Pay attention to yourselves! Luke 17:3
When I first went to college, I apparently had a habit of being a “one-upper”. Whenever anyone told a story, I had a bigger, better story that I needed to tell. I remained blissfully unaware of this annoying habit, until one of the guys I hung out with, started issuing a loud, obvious sigh, every time I did it. After 15 or 20 loud, obvious sighs, I finally caught on.
Self-awareness is something most of us are inherently bad at. Most of us just naturally think that the way we do things is the right way. It takes maturity, humility, honesty, and effort to be introspective enough to see that our way may not be the best way. We all have flaws and struggles, but we’ll never work on them as long as we remain blind to their existence.
This frustrates us when we see it in others. Nothing may be more annoying than the one who is profoundly self-absorbed and yet remains totally clueless to the behavior. Convinced that he is in the right about everything, this individual remains incapable of seeing his mess and thus, is destined to remain in it.
Introspection is necessary for spiritual growth. The Christian life is meant to be one of continual transformation. None of us will be made perfect in this life, but neither are we to meant to remain stuck in our struggles. Daily, we are to abandon our old ways to follow Christ (Luke 9:23). This process of discipleship or sanctification is completely impossible while we remain unaware of our own failures.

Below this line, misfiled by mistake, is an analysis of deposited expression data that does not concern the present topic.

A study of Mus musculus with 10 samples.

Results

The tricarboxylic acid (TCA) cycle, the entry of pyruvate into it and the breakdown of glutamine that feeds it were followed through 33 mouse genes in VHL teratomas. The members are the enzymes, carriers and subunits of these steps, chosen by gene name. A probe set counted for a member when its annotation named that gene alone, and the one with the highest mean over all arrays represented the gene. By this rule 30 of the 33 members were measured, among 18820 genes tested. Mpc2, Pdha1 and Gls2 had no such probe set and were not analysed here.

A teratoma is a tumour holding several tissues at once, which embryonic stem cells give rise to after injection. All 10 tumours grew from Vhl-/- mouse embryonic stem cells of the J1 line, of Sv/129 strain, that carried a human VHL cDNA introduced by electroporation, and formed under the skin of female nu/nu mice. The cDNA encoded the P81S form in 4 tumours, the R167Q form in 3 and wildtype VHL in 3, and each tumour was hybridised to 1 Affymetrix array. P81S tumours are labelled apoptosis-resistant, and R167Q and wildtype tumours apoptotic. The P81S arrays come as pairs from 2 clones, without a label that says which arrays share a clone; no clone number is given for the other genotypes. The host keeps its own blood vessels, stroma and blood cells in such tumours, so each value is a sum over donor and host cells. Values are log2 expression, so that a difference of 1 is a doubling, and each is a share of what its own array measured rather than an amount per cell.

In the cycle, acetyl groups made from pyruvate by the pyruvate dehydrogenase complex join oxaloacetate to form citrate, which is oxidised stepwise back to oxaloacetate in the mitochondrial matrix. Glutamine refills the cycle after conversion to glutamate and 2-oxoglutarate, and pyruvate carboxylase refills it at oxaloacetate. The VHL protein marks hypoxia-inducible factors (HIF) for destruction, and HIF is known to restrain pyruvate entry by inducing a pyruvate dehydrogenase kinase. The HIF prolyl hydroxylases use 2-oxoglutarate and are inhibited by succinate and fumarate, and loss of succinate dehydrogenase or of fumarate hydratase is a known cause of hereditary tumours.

I must daily ask myself, How did I do today? Was I selfish with my family? Was I arrogant at work? When was I immature and petty? I must also listen to those around me. I often need others to point out those things to which I remain blind. This always hurts a little. I don’t mind recognizing my own flaws nearly so much as I mind someone else exposing them. God uses others to shape me though, and it does me no good to choose blindness.
If we want faith, transformation, and recovery, then daily, we must choose to be introspective, asking God to show us where we need to grow. If we read this and think it’s about someone else, then we still have a long way to go. It’s only in daily choosing the discipline of self-awareness that we may learn to grow and change.